Population growth worldwide and the drive for economic development will enormously increase energy demands. Current projections estimate that global energy needs will more than double by 2050. Although fossil fuel resources and proven reserves are still large (possible use of oil and gas for 50 years and coal for 275 years) their use could be severely restricted because of the emitted CO2 and their impact on climate change, problems with security of supply and for geopolitical reasons. Nuclear energy from fission can provide substantial amounts of carbon free electricity and process heat and significant expansion is planned worldwide.

One of the main concerns in nuclear power generation is the management of the radioactive spent fuel from the nuclear reactor, because it can remain radiotoxic for about 200,000 years. In reprocessing through a series of operations the spent fuel is concentrated and usually uranium and plutonium are separated from the rest of the minor actinides and fission products. This reduces the volume and toxicity of the remaining spent fuel and reduces the demands on geological repositories. The separated uranium and plutonium can be recycled back to the reactor and extend in this way the supply certainty of uranium.

Reprocessing technologies have remained unchanged for the last decades and have not taken advantage of the enormous strides in other areas of process industry. In the Department of Chemical Engineering we are investigating processes based on intensified separation units and molten salts technology.

Intensified separators. We are studying intensified separation units for the liquid-liquid extraction of uranyl ions consisting of channels with characteristic dimensions in the order of a few hundred microns. The thin fluid layers that form in the small channels significantly reduce mass transfer resistances and the time required for separation. The intensification also results in reduced amounts of organic solvents. We use advanced diagnostics to investigate the configuration of the liquid-liquid flows in the small channels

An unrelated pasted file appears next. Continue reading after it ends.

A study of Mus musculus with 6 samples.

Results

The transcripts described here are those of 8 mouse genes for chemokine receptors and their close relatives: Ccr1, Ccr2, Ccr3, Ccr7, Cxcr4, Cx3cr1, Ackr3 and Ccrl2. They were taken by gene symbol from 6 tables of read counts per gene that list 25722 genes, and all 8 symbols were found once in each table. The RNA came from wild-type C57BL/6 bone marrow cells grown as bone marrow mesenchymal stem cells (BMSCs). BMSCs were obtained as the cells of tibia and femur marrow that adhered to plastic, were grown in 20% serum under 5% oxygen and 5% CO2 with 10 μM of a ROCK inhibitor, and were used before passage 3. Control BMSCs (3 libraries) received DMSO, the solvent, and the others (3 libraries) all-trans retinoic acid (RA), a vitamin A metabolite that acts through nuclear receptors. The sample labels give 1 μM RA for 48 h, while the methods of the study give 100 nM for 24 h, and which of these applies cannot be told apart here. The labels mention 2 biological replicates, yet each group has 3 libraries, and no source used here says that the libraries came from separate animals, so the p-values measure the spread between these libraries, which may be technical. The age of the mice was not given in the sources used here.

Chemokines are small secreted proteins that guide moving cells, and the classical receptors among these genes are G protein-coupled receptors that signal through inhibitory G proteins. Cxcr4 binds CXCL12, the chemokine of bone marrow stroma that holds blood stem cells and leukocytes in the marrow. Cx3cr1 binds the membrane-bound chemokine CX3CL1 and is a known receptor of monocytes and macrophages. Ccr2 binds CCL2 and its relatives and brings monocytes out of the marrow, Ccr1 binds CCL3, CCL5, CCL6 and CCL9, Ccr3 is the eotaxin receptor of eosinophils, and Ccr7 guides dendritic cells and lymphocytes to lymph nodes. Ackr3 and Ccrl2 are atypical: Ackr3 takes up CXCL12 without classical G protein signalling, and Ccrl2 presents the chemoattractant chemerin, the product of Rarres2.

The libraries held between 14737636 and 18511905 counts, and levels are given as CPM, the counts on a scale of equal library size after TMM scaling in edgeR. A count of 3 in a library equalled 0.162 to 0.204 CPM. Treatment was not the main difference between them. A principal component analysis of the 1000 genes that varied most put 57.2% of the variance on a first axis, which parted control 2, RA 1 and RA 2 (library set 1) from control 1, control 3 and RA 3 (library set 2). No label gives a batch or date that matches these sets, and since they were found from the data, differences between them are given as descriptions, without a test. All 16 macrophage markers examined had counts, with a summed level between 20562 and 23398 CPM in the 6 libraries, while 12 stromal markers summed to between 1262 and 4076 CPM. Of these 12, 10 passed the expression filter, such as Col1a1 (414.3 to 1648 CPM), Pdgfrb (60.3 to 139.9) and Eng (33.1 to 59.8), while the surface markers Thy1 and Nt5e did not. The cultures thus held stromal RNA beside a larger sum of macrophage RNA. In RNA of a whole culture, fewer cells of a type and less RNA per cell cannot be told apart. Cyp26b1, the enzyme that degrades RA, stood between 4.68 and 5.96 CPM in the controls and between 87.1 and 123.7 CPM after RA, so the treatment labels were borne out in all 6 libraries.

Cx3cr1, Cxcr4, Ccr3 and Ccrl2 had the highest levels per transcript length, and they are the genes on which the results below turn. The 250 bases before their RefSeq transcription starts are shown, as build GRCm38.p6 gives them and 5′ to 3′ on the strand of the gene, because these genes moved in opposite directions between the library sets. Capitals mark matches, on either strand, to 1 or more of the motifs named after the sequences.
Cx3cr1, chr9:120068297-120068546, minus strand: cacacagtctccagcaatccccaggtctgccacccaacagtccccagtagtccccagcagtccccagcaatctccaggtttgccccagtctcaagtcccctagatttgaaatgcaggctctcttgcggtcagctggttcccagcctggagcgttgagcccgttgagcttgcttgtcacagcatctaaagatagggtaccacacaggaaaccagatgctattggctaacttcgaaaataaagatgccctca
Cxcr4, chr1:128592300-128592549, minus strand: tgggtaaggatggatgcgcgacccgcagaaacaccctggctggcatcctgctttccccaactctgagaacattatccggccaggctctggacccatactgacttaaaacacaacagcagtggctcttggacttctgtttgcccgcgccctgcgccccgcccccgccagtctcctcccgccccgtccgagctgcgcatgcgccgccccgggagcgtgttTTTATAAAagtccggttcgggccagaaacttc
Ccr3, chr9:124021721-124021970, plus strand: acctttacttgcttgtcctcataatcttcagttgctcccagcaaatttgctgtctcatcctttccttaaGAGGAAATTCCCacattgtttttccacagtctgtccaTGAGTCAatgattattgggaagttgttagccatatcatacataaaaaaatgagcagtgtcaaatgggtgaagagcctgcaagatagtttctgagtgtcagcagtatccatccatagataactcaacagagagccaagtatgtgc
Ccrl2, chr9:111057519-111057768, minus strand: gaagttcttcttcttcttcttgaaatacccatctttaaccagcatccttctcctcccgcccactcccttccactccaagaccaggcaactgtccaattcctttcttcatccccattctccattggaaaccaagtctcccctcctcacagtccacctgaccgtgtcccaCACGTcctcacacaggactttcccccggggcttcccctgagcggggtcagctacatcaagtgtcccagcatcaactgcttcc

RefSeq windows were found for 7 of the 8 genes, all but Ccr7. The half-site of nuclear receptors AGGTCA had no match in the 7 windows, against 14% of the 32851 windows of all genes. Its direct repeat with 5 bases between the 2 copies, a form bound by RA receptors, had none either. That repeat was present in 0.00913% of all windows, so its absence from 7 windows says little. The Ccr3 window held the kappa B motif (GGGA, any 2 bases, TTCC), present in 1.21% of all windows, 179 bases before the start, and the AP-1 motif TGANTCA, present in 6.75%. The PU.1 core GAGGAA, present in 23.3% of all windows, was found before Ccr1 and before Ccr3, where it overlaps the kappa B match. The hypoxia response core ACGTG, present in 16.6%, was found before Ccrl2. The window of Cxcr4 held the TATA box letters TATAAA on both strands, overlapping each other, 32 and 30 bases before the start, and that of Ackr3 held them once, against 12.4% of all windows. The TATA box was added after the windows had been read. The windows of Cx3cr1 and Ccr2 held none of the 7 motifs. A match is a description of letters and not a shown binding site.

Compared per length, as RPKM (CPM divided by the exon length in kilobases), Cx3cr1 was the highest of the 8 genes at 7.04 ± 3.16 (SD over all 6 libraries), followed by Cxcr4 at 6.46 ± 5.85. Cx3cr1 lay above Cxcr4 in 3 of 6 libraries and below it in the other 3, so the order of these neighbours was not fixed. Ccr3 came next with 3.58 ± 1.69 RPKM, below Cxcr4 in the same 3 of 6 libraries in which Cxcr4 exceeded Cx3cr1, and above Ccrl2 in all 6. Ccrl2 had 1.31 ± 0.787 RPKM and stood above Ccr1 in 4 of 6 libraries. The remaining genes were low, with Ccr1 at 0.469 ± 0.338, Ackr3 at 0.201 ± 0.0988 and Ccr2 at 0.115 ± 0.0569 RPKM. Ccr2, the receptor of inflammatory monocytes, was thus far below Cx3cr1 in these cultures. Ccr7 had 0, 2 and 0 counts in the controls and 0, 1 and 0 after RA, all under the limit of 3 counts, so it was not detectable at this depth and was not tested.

Molten salts are an excellent reaction medium – hot, liquid and ionically conducting. This technology is the foundation for a research programme to deliver nuclear fuel reprocessing by materials electrosynthesis through direct oxide reduction and selective electrodissolution and electroplating.  Developing, optimising and controlling these processes will provide methods for, and a fundamental understanding of how best to reprocess nuclear fuel.  This is in addition to the development of techniques for new molten salt systems, new sensing and analysis technologies and the establishment of the kinetics and mechanisms by which molten salt processes occur.  This will facilitate rapid process development and optimization, as well as the generation of applications in related areas.


Battery farm.

Examining the internal workings of fuel cells and batteries.
Better electrochemical devices could improve health, transport and the environment. To make the improvements they need, UCL Chemical Engineers need to see where the devices are failing, using innovative techniques from molecular to macroscale.